Anonymous
Anonymous asked in Arts & HumanitiesHistory · 1 decade ago

Did the german army use rottweilers,?

For military duty during WW2? I have heard they were used by the Roman army in B.C. and wondered how far back in history this breed was used and for what.


    During World War II (Roman numeral for "2"), both the Nazi forces and Allied forces used Rottweilers.

    The breed is an ancient one, with beginnings in Germanic areas conquered by the Romans. They take their name from the town of Rottweil in the area of Wurttemberg in what is now Germany.

    Actually, Rottweilers were more than just dogs used for military purposes. Initially, they were working dogs on farms, herding cattle and pulling carts with farm produce. They also guarded the farmstead and the farm animals, keeping them from harm from unscrupulous people and predatory animals. (Who or what is going to argue with a barking Rottie?) :-)

    Sources:

    * http://www.rckrotts.com/history.html

    * http://www.akc.org/breeds/rottweiler/history.cfm

    * http://en.wikipedia.org/wiki/Rottweiler

    If you need more information on the breed and their uses throughout history, I suspect your local library (school library, public library or campus library, if you are a college/univ. student) will have some books on the subject. A reference librarian will be happy to help you find what you seek.

    Rottweilers with good breeding lines and which are well-trained are great, gentle dogs and are also good watch dogs.

    The best Rottie I ever knew was a female named "Thunder." I wish I had a photo of her sniffing at a baby bird that had fallen from it's nest. I was worried she might just open her mouth and gobble the little bird in one bite, but all she did was sniff at it and continue her gentle walk. She was also addicted to small bites of "kitty food" (canned cat food.)

    The dogs are strong and only ferocious when humans mistreat them and train them to be that way.

    Best wishes

    Source(s): Historian + Reference/information librarian
  • Anonymous
    4 years ago

    Where Did Rottweilers Originate From

  • Anonymous
    5 years ago

    Pound for pound, pits are generally strongest in terms of things like weight pulling, but as to jaw strength, no one really knows. I would think that the jaw strength would be abouth the same. As for the smartest, I believe it depends on the indivdual dog. All 3 of these breeds are very smart. All 3 can excell at sports like schutzhund which requires obedience, patience, determination and good listening skills. I have never had a pure bred Rottie or GSD, but my APBT amazes me with her intellegence. She actually plans things out to get her way. For example, when I give my dogs treats, my pit will start barking, so the other dogs will drop their treats and run to the door, thinking we have a visitor, and my pit will steal the treats that they dropped. My vet also has a pit and it has pushed a chair from the table to the sink to it can sit on the chair while it licks the dishes. I think thats why a lot of people get frustrated and give their pits away, because they can outsmart you if you let them. Pits and Rotts are also great police dogs btw. ~to the second poster~ what you said is very ignorant. Pit bulls will let go when properly trained and told to do so. In the middle of tug o war I can tell my pit to "drop it" and she will do so immediately. If they wouldn't let go when biting then they would never be any good at schutzhund, which they definitely are. Also, my little Pekingese would peel a coconut for fun. Dogs love to chew on things. It's a well known fact. The pit was just chewing on the coconut.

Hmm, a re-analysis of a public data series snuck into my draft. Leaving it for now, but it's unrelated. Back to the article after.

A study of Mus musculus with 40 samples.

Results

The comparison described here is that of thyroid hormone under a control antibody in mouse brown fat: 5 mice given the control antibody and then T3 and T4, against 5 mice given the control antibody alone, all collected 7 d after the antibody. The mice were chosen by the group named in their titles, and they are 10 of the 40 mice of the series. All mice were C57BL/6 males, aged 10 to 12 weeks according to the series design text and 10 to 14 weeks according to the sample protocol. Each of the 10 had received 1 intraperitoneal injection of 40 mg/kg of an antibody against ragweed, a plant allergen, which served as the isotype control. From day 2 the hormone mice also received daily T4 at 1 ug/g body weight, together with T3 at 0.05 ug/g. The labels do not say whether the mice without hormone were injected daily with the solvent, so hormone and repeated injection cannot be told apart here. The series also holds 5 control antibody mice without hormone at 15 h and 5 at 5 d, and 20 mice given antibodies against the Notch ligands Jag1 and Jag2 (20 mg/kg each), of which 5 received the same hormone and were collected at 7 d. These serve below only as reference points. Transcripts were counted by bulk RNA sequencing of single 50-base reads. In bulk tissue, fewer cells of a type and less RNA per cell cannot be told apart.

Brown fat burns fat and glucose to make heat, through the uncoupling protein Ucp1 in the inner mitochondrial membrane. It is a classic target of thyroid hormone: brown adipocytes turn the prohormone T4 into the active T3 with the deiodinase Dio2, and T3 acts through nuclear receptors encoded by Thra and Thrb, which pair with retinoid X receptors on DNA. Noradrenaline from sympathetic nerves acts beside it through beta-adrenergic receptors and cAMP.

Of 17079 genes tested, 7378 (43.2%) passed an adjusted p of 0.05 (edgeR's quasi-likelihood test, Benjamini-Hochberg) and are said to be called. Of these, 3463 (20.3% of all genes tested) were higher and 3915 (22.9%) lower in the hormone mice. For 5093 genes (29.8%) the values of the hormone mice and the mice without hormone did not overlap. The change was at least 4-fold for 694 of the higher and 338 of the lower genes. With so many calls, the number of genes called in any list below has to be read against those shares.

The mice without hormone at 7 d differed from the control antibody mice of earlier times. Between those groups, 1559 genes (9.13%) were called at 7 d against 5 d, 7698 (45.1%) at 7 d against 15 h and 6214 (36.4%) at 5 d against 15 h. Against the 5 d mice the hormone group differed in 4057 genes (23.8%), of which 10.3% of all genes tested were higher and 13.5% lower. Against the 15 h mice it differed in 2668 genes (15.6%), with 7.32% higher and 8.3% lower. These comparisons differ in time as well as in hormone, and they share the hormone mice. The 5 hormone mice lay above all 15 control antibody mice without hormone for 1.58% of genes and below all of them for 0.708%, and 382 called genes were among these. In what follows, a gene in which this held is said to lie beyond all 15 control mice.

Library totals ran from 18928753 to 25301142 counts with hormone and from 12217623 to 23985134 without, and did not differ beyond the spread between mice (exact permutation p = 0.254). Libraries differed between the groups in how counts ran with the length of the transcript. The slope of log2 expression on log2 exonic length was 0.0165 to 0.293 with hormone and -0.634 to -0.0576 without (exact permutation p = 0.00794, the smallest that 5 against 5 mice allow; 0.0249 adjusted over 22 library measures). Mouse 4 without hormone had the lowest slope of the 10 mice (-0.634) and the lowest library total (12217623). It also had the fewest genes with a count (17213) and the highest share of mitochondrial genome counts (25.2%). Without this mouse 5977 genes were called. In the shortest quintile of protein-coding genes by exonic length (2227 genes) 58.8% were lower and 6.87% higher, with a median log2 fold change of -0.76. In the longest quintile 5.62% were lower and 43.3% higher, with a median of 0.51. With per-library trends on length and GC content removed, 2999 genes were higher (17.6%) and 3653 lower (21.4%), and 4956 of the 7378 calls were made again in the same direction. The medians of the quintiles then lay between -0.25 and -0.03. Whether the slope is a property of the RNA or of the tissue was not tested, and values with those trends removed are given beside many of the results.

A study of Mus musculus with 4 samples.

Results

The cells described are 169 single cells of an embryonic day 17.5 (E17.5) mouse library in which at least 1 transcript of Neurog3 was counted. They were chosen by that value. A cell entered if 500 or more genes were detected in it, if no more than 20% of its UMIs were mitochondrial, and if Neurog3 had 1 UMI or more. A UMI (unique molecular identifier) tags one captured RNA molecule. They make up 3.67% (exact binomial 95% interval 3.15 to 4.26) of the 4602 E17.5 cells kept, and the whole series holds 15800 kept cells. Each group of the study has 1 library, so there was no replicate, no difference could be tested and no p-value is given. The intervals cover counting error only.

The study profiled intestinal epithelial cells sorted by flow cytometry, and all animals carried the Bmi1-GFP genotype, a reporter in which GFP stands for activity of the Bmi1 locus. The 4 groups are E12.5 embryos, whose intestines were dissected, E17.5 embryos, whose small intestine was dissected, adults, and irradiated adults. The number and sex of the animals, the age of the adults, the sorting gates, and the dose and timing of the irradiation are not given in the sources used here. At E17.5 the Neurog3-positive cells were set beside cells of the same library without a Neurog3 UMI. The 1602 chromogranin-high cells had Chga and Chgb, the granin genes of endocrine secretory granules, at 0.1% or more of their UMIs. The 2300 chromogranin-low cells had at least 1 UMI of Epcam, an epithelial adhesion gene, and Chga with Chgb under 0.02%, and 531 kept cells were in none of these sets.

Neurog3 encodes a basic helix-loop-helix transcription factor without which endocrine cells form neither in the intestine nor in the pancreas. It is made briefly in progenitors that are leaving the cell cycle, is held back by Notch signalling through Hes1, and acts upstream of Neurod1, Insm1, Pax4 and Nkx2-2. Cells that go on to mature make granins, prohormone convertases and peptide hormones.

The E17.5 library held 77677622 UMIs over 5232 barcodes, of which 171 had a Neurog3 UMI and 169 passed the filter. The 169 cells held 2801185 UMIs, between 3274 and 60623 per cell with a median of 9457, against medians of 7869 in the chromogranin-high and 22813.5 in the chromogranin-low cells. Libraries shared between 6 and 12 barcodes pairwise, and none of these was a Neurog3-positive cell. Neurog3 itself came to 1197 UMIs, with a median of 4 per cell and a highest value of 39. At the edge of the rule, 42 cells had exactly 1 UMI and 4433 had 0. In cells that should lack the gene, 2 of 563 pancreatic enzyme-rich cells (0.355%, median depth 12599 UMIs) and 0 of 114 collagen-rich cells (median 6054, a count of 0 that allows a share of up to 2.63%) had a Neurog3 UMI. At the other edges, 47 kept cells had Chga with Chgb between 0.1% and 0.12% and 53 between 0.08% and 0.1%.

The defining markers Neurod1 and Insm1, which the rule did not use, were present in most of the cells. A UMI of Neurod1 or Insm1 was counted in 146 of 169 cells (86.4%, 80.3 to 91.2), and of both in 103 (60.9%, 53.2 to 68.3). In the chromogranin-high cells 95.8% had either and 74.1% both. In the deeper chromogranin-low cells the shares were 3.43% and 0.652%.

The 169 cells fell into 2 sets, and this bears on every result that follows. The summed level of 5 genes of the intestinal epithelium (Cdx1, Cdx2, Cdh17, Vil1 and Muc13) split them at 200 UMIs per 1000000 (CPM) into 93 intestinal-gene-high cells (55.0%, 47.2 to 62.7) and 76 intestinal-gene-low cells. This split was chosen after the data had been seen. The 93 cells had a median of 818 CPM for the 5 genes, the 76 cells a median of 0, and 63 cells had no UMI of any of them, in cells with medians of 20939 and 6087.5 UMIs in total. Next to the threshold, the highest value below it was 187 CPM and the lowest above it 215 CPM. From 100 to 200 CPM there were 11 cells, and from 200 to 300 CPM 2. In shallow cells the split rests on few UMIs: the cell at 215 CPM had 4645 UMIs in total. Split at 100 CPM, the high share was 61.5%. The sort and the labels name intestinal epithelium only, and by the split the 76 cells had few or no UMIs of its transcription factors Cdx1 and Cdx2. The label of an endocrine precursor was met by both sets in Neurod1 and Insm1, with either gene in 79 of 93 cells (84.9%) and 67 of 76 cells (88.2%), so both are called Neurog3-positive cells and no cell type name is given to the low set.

• Anonymous
    1 decade ago

    During the First and Second World Wars, Rottweilers were put into service in various roles, including as messenger, ambulance, draught, and guard dogs.


    Some dogs have to be trained differently due to certain natural instincts. Learn here http://onlinedogtraining.enle.info/?2D1k

    This is how I trained my dogs, hope it helps:

    Throw the toy, give the command "fetch" or whatever you use and have the dog bring the toy back. Don't let her know you have the treat. (If she knows, just hold it behind your back.)

    Grab the toy still in her mouth and say "thank you". She should release, if not hold the treat in front of her nose. When she lets go, quickly praise her and give her the treat. Pet her alot too. Do this over and over. Then after a week or two, give her a treat one time, but not the next, giving her praise both times. If she does not bring you the toy, ignore her. When she does bring it to you, do as above.

    When she plays tug of war, do the same, tell her "thank you" and put a treat under her nose and when she lets go, praise her and give treat. Give the toy back, sometimes they don't want to bring you the toy because they think you wont give it back (hence the "throwing it" part of fetch).

    If she runs away with it, let her go. To her it's a game, "watch me make them chase me" is what she's thinking. If you don't show interest in it when she runs, she'll stop, but this will take time too.

    Enrolling in training classes can help too. Just be consistant.

    I play tug of war with my two Great Danes and there is never a problem. When I want them to let go I say "thank you" and they drop it immediately. Sometimes they win, sometimes I win when I say thank you. Its all about training and dominance. They know I am Alpha in the house, there is no question about it and I am consistant with training.